Getting Started With PIC(TM) MCU


Chosing a PIC(TM) Microcontroller

Software tools

Let’s verify we have all the necessary pieces of equipment ready and installed (latest version available for download from Microchip web site at

  • PIC MCU Datasheet;
  • MPLAB IDE(TM), free Integrated Development Environment;
  • MPLAB SIM(TM), software simulator;
  • MPLAB C30(TM), C compiler (demo or free student version).

Part 2: Basic hardware

Besides a PC, because of we intend "make" something and not only talk about it, we need some hardware tools:

  • PIC MCU programmer-debugger (in Ai&R Lab Lambrate you can find some Microchip ICD2(TM) programmer-debugger and, some adapter boards with ZIF socket and some self-made programming cables);
  • PIC MCU demoboard or your board with power supply, PIC Microconroller, oscillator, MCLR circuitry and some input-output hardware.


The system clock (FOSC) source can be provided by a different number of options, depending by microcontroller family (low power, low cost microcontroller allow less options choise than high power, high cost MCU). Generally options can be divided in: • Internal Oscillator (in general an internal RC network); • External Oscillator (external clock source, external crystal or ceramic resonator operation and external RC network).


In addition oscillator system can includes on-chip Phase-Locked Loop (PLL) to boost internal operating frequency, on-the-fly clock switching between various clock sources and Fail-Safe Clock Monitor (FSCM) that detects clock failure and permits safe application recovery or shutdown. This means, for example, that with a PIC24H series microcontoller, you can use a 10Mhz external crystal resonator for clock source, but configuring internal PLL circuitry through dedicated registers, you can obtain a 80Mhz internal clock frequency, achieving 40MIPS core operation speed (PIC24H need two clock cycles to execute a single instruction).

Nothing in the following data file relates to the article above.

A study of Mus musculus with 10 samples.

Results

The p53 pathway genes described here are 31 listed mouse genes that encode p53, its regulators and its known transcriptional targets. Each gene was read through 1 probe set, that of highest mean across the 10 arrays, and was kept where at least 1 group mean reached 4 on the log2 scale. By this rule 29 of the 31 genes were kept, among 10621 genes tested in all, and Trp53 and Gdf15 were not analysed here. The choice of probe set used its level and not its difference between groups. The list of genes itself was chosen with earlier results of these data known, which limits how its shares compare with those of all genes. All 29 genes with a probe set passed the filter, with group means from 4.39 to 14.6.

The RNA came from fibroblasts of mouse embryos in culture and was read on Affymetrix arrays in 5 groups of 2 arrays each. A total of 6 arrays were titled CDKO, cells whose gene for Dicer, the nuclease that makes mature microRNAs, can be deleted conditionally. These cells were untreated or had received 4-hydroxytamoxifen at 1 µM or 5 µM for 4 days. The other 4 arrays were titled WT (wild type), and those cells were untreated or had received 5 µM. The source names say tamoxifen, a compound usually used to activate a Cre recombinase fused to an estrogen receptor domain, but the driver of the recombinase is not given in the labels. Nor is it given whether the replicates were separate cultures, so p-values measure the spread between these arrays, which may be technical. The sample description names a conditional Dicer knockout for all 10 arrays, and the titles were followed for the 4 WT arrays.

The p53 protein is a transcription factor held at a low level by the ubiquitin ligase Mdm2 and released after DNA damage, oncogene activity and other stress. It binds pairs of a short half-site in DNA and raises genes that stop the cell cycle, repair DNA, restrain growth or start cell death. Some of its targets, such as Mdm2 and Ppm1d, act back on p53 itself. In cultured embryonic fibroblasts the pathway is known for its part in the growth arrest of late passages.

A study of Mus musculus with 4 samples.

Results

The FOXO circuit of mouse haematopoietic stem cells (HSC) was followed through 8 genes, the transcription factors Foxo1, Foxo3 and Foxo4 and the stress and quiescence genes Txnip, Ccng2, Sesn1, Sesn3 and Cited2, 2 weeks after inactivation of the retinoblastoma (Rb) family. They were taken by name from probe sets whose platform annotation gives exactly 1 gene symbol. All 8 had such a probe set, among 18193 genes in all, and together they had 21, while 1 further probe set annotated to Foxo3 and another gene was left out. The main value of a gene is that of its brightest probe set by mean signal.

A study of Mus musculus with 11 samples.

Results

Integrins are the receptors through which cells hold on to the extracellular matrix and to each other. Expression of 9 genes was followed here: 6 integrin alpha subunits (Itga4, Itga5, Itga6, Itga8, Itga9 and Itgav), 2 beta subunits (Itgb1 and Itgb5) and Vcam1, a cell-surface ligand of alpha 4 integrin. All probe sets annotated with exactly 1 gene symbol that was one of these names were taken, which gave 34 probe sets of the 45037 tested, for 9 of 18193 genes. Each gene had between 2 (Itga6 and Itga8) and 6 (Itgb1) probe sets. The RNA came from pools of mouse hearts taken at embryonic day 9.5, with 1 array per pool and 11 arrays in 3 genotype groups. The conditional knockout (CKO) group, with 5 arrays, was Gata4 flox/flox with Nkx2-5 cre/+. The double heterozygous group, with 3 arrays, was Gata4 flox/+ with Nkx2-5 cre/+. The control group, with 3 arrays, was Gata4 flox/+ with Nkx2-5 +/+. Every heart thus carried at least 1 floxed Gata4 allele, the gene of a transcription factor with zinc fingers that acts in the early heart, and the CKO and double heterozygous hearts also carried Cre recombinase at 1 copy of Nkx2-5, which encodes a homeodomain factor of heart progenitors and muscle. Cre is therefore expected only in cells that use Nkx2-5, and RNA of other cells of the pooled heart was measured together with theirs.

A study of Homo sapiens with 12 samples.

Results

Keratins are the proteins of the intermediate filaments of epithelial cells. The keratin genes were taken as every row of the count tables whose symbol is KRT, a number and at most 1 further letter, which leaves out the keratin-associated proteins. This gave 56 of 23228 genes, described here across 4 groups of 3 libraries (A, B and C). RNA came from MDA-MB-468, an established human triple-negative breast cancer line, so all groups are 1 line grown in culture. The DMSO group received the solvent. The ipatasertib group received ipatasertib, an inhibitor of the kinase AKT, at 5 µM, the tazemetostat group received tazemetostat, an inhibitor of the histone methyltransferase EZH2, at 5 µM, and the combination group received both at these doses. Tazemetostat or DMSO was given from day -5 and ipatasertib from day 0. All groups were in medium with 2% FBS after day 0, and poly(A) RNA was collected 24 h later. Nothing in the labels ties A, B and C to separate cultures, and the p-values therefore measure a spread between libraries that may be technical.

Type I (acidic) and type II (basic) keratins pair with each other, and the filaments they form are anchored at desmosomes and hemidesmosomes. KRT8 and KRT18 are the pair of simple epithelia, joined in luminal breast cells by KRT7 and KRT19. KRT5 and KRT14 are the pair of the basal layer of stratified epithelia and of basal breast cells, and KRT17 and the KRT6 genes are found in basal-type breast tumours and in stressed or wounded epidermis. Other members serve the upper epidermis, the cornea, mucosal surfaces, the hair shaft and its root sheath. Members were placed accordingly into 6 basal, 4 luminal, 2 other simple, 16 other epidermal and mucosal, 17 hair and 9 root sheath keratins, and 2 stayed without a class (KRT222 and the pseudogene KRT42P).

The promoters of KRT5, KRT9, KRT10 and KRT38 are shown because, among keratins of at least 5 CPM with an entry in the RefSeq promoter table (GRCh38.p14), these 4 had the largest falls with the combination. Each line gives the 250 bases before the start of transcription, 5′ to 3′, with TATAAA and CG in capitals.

MCLR circuit

PIC Microcontroller has a number of reset sources and controls (POR: Power-on Reset; BOR: Brown-out Reset; MCLR: Master Clear Pin Reset; WDTO: Watchdog Timer Reset). The external reset is generated by driving the MCLR pin low. The MCLR pin is a Schmitt trigger input with an additional glitch filter. Reset pulses that are longer than the minimum pulse width generates a Reset (see datasheet). The External Reset (MCLR) Pin (EXTR) bit in the Reset Control (RCON) register is set to indicate the MCLR Reset. If your system has an external supervisory circuits that generate reset signals to Reset multiple devices in the system, this external Reset signal can be directly connected to the MCLR pin to reset the device when the rest of system is Reset. When using the internal power supervisory circuit to Reset the device, the external reset pin (MCLR) should be tied directly or resistively to VDD. In this case, the MCLR pin is not used to generate a Reset. The external reset pin (MCLR) does not have an internal pull-up and must not be left unconnected. A typical power-on reset circuit is:


Programming interface

Programming Cable

Part 3: PIC MCU programming

MPLAB IDE settings

Start a new project

Then, let’s follow the “New Project Set-up” checklist to create a new project with the MPLAB IDE:

  • Select “Project->Project Wizard” to activate the new project wizard, which will guide us

automatically through the following steps…

  • Select the correct PIC device, and click Next.
  • Select the MPLAB C30 Compiler Suite and click Next.
  • Create a new folder and name it “FolderName”; name the project “ProjectName” and click Next.

Simply click Next to the following dialog box—there is no need to copy any source files from any previous projects or directories. Click on Finish to complete the Wizard set-up.

Open a new editor window.

Select “File->Save As”, to save the file as: “FileName.c”. Select “Project->Save” to save the project. Our first line of code is going to be:

#include <p24fj128ga010.h>

This is a pseudo-instruction for the preprocessor telling the compiler to read the content of a device-specifi c fi le before proceeding any further. The content of the device-specifi c “.h” file chosen is a long list of the names (and sizes) of all the internal special-function registers (SFRs) of the chosen PIC model: those names reflect exactly those being used in the device datasheet. Let’s add a couple more lines that will introduce you to the main() function:



The main() function is the place where the microcontroller (program counter) will go first at power-up or after each subsequent reset. Before entering the main() function, the microcontroller will execute a short initialization code segment automatically inserted by the linker. This is known as the c0 code. The c0 code will perform basic housekeeping chores, including the initialization of the microcontroller stack, among other things.